CLEARWATER, Fla. — Phillies manager Gabe Kapler made the obvious official on Sunday when he declared Aaron Nola as his opening day starter.
"He's unequivocally the right choice," said Kapler, whose team begins the season on March 29 in Atlanta. "He's an absolute gamer, grinder, and stud, and we're proud to have him on our roster."
Nola, 24, who pitched the first two innings of Sunday's 8-3 loss to the Yankees, will be the team's youngest opening day starter since Dennis Bennett started for the Phils in 1964. Jeremy Hellickson, who started the season opener for the last two seasons, remains a free agent. Nola said pitching on opening day "would mean a lot."
"But there's a lot of games during the season, and I plan on pitching a lot of them," he said.
Nola threw 31 pitches Sunday. He allowed two earned runs on four hits, struck out three, and walked none. Both runs scored after Maikel Franco, although wearing sunglasses, lost a pop-up in the sun. Nola struck out the next batter for the second out of the inning but was then tagged for a double by Danny Espinosa. It was an otherwise fine performance for Nola, who was more focused on making sure his mechanics were aligned than on his pitching line.
Kapler's seat during spring training — on the dirt just behind the on-deck circle — offered the manager a unique vantage point of Nola's curveball. The pitch, as registered by FanGraphs, had the most horizontal break of any curveball in baseball last season. And Kapler had a nice view of it.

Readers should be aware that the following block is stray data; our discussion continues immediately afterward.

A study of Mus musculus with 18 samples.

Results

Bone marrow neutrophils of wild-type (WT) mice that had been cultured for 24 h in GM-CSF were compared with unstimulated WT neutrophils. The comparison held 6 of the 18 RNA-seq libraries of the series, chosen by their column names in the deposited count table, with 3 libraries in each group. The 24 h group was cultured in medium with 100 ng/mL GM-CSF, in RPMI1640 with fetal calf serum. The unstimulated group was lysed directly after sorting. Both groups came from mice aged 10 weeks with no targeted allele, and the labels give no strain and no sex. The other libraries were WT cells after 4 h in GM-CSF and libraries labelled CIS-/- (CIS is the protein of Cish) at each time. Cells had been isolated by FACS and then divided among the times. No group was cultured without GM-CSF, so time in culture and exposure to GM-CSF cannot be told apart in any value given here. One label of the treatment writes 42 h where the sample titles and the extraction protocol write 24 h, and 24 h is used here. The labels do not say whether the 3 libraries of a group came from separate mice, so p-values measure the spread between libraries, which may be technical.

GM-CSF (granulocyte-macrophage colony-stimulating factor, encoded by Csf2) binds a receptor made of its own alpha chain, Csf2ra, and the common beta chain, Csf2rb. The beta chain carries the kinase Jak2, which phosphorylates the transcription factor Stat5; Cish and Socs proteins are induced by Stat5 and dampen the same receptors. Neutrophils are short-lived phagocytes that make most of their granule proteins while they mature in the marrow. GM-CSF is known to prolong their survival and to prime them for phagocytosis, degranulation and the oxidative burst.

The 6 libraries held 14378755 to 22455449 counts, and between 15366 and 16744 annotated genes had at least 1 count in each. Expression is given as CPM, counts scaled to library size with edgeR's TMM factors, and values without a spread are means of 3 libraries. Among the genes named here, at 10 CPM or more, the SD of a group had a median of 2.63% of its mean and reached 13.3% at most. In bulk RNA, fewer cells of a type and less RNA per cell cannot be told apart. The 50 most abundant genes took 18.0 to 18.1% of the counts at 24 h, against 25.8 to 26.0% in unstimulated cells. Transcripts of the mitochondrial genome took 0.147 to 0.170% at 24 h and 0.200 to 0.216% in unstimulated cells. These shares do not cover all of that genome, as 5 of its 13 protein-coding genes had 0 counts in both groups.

"You can see that thing take a sharp left turn out of his hand," Kapler said.
The Phillies may still add a pitcher before the season. Jake Arrieta remains a free agent and the Phillies talked recently with his agent, Scott Boras. But the parties remain far apart. Arrieta is seeking a long-term deal, and the Phillies, wary of signing pitchers to long-term deals, hope his demands come down as spring training continues. Even if the Phillies sign a starter, Kapler said Nola "as of this moment" would start opening day. And the manager thinks it could be the start of a season that demonstrates that Nola is one of baseball's aces.
"If you just got back to last year and just look at his performance, it lines up very nicely with the Scherzers of the world and is not far off the Greinke line," Kapler said. "We consider Max Scherzer an ace, and we're strictly looking at the performance, then we should also consider Aaron Nola an ace. From a character and make-up perspective, he's not lacking anything. He's not lacking any stuff. This guy is a real, real stud, a grinder, and someone we can depend on."